Rudy makes his case

Brian Carney:

"I think the American people in November 2008 are going to select the person they think is strongest to defend America against Islamic terrorism. And it is not going to focus on--as some of the media wants it--just Iraq. I think Americans are smarter than that."

Thus did Rudy Giuliani summarize the rationale for his presidential campaign at a meeting this week with the editorial board of the Journal. Next year's election will be about national security, not about Iraq narrowly defined.

In an hour-long conversation in our offices in lower Manhattan, the former New York City mayor sat facing away from the view of Ground Zero below, but 9/11 was very much in the front of his mind. A few minutes into the interview, he paused midsentence, gestured over his shoulder and looked down at his hands. "Coming down here just fills me with memories," he offered. "I can't come here without thinking about what happened that day."

Mr. Giuliani has been accused of playing the 9/11 card for political gain, and he did not shy from discussing his role after the terrorist attacks on that day and its effect on his worldview. But he defied the caricature of a man who intends to beat the 9/11 drum all the way to the White House.

His views on foreign and domestic policy were cogent and delivered with the take-it-or-leave-it confidence that is as refreshing to his backers as it is infuriating to his opponents, both now and when he was mayor. "Leadership," he told us, "is first figuring out what's right, and then explaining it to people, as opposed to first having people explain to you what's right, and then just saying what they want to hear."

Mr. Giuliani is often referred to as a "moderate" Republican, which is true if it means simply that he doesn't follow the party line on certain issues, such as abortion. But there is very little else about him that qualifies for the label. "I am," he told us, "by all objective measures the most fiscally conservative candidate in the race." On domestic policy, he says he wants to shrink the government's share of the economy and increase the private sector's. Tax rates "should be lower" and our health-care system ought to be "move[d] away from the paternalistic model" that we have now.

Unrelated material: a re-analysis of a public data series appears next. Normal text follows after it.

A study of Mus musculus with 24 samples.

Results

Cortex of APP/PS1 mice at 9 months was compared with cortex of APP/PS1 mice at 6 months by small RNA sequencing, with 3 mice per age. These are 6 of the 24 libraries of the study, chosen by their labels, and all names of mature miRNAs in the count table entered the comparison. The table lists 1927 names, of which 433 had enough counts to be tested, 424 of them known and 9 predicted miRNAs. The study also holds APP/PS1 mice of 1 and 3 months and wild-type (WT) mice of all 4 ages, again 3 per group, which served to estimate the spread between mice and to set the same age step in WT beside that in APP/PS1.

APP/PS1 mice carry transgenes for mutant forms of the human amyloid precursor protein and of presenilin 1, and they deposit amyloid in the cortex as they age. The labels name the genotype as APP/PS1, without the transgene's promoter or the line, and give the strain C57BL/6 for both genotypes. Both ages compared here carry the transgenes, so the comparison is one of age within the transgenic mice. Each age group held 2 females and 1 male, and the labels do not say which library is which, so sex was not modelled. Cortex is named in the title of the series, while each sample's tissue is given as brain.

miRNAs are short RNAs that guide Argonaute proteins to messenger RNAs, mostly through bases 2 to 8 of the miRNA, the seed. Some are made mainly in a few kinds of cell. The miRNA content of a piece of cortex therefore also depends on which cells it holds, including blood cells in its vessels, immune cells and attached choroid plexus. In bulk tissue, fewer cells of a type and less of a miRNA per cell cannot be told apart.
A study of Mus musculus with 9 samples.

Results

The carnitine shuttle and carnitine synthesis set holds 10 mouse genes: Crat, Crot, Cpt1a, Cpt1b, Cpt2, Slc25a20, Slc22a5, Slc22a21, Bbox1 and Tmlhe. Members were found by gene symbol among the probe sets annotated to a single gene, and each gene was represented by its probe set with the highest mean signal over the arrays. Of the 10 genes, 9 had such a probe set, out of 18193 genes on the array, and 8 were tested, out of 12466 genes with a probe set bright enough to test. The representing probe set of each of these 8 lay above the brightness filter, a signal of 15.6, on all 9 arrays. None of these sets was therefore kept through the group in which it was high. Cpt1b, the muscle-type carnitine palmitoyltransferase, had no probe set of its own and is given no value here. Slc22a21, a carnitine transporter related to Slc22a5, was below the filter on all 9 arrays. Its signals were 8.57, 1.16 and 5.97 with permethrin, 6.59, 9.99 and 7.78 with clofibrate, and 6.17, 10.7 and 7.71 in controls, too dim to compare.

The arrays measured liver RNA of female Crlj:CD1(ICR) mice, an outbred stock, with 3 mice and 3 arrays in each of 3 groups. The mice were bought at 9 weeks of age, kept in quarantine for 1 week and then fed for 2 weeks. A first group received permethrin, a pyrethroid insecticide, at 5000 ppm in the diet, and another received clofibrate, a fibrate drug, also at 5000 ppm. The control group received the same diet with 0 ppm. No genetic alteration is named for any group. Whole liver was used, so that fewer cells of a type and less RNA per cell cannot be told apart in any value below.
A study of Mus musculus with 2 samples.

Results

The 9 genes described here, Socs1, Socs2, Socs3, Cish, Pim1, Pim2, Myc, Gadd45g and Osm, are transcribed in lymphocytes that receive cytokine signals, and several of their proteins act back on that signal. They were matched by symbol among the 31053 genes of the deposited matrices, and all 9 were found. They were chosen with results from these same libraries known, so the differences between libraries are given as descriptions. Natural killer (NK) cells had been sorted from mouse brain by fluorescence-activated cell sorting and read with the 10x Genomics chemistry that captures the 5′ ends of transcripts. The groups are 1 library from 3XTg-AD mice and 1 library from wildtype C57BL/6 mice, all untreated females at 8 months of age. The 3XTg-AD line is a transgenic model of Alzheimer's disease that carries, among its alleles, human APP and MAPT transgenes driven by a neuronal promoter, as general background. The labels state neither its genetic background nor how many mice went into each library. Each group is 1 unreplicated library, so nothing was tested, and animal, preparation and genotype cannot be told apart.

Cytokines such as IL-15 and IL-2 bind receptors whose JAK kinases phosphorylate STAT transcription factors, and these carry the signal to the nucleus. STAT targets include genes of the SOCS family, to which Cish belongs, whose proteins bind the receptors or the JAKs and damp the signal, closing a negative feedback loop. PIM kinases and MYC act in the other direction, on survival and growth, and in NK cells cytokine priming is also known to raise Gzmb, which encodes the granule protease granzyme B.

This is not big-government conservatism. George W. Bush, he tells us, "was not good on spending," although he adds that Congress wasn't very good on spending, either. "I think that it's one of the primary reasons [the Republicans] lost Congress in 2006."

When it comes to the war on terror, "defending America" means "remaining on offense." More particularly, it means "using the Patriot Act, electronic surveillance and interrogation techniques that are legal but aggressive." Of Guantanamo Bay, he says, "I don't think we should close Guantanamo."


"If we had taken Hitler at his word, Stalin at his word, I think we would have made much sounder decisions and saved a lot more lives. I don't know why we have to think that [Iranian President Mahmoud] Ahmadinejad doesn't mean what he says. Therefore, the more cautious, prudent way to react to it is, he means what he says.

"The second thing is . . . we shouldn't be surprised that he's emerged in Iran. Iran has been like that since the Ayatollah took over. So, they are an irresponsible regime."

With that by way of preamble, he answered the question: "America's approach should begin with the clear statement that we will not allow him to become a nuclear power. And everybody should know that, including your allies, that that's not a solution American will tolerate, because it would be too dangerous for us to put nuclear weapons in the hands of people who say the things he says and have done the things they've done."

...
He goes on to say that if our allies and our adversaries know we will act, they will be more likely to force compliance. If we go with the more ambiguous approach of Democrats like Kerry, we can expect that Iran will be unlikely to comply because it will not expect any consequences from the failure to comply.

He is very strong on the Patriot Act and intercepting enemy communications. There si much more int he piece. If you like Rudy, as I do, you will like reading what he has to say he would do as President.